Saturday July 23 – YES, we are still in Red Bay. BUT…we were told last evening that we are going in Bay #17 on Monday morning at 7….YIPEEEEE! They will do the rails on Monday and then paint on Wednesday…at least that is how it is suppose to work. If all goes according to our plan, we will leave for Ohio Thursday morning.
We visited Ivy Green, birthplace of Helen Keller, June 27, 1860, in her hometown of Tuscumbia, Alabama. Listed on the National Register of Historic Places, Ivy Green was built in 1820 by grandparents of Helen Keller. It was the second house erected in Tuscumbia.
Helen Adams Keller was born a healthy child on June 27, 1880, to Captain Arthur H. and Kate Adams Keller of Tuscumbia. At the tender age of 19 months, she was stricken with a severe illness which left her blind and deaf.
At the age of six, the half-wild, deaf and blind girl was taken by her parents to see Dr. Alexander Graham Bell. Because of her visit, Helen was united with her teacher Anne Mansfield Sullivan on March 3, 1887.
Picture below taken from official website.
The main house is of Virginia-cottage construction, with four large rooms on the first floor bisected by a wide hall. Each room has an individual fireplace.
Master Bedroom…The clothing in the wardrobe are Helen's and her mother's, Kate.
If you have ever watched the movie, "The Miracle Worker", you will recall the scenes of Helen eating off of everyone's plates at meal time. Helen broke all but two original pieces of china.
Upstairs housed the boy's room, Helen and Annie Sullivan's room and a trunk room.
The famous well pump is located between the main house and the birthplace cottage, which is situated just east of the main house. At this well, Annie revealed the mystery of language to seven-year-old Helen, by spelling the word w-a-t-e-r into one hand and letting the water flow over the other hand. As the brochure reads…Darkness began to melt from her mind like ice left out on that sunny March day. By nightfall, Helen had learned 30 words. This is just amazing to us!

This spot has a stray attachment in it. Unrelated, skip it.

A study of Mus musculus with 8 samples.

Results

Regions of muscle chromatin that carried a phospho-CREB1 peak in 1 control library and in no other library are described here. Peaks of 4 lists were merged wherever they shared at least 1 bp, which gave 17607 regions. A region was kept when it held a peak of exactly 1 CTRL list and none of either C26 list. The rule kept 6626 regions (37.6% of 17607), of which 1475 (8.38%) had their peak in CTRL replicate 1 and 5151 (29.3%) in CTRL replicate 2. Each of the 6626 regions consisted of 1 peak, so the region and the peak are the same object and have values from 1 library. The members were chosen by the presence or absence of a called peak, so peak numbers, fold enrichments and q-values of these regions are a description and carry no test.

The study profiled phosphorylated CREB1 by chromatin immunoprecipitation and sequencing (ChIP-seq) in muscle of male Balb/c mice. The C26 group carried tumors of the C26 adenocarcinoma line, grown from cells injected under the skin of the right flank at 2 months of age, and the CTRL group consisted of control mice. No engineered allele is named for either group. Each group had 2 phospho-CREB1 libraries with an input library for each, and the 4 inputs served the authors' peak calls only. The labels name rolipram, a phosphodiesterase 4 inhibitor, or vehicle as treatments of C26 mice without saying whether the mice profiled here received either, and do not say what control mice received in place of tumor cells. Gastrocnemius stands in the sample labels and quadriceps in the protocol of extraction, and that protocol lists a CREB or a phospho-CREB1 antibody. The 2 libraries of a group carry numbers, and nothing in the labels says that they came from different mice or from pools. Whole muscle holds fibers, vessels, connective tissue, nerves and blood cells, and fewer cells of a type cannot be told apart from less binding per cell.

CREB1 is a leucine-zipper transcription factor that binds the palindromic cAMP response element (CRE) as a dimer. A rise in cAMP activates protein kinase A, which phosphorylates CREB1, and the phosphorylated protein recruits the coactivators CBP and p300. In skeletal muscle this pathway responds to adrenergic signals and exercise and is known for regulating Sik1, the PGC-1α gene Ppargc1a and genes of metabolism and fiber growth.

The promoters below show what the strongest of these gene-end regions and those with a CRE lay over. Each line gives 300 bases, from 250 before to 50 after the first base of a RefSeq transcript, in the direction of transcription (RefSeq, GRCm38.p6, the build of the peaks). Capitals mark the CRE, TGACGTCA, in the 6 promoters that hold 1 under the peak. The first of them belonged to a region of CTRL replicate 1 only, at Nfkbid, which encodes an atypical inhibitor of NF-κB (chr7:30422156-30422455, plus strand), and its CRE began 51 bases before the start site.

The bedroom of Helen and Annie in the cottage.
Her playroom and classroom.
After Helen's miraculous break-through at the simple well-pump, she proved so gifted that she soon learned the fingertip alphabet and shortly afterward to write. By the end of August, in six short months, she knew 625 words. By the time she was 16, Helen could speak well enough to go to preparatory school and to college. In 1904 she was graduated "cum laude" from Radcliffe College.
The home contains hundreds of mementos of Miss Keller's life including her library of Braille books and old Braille typewriter.
Helen placed a ruler on the page as a guide and drew very square block letters.
Sample of her writing just one year after she learned to communicate by signing the manual alphabet.
The grounds were lovely. The buildings are surrounded by English boxwood, over 150 years old. Here is a small taste of the beautiful flowers in bloom. Marsha was in heaven!
Upon Helen's death, hundreds of countries sent items in Helen's memory to be included in the garden. Here is one example from Japan.
Helen Keller, the little girl, became one of history's remarkable women. She dedicated her life to improving the conditions of blind and the deaf-blind around the world, lecturing in more than 25 countries on the five major continents. Wherever she appeared, she brought new courage to millions of blind people.
A SIDE NOTE: In the back gardens, stands the "Moon Tree." The "Moon Tree" was grown from seed that journeyed to the moon and back aboard Apollo 14 during the period of January 1-February 9, 1971. It was presented to "The Cleaning" at Ivy green in October, 1976. The "Moon Tree" is a loblolly pine. OH NO…it is that word again…PINE…as in PINE NEEDLES!
While Paul was off some where far away, Marsha had an idea. She went into the Museum told the ladies about her pine needle basket and asked if she could collect some the of the needles. The ladies enjoyed her story and gave her a bag for her collection. When she got to the car, she explained her idea to Paul. Paul was shocked that she could come up with such a cool, Marsha's words not Paul's, idea. "What is this ingenious idea," you ask. Marsha is going to spray paint the needles a metallic gold and weave one needle in each of her baskets. She then will print a little card explaining why the needle is included in the basket. She says, her family member and friends will now have a memento of something that went to the moon! Again, the littlest things make her so happy.
According to Marsha, this Museum is one of her highlights of our travel. We do agree, it is a place to put on your bucket list. We are Blessed to have our sight and hearing and cannot come close to accomplishing what this amazing woman did!
As we drove back to the Tiffin Campground, this is what the sky looked like…YIKES!
Back at the motorhome, our sky looked like this….but no rain the entire night.
Thanks for stopping by. Hope to see ya'll back real soon. Have a great day!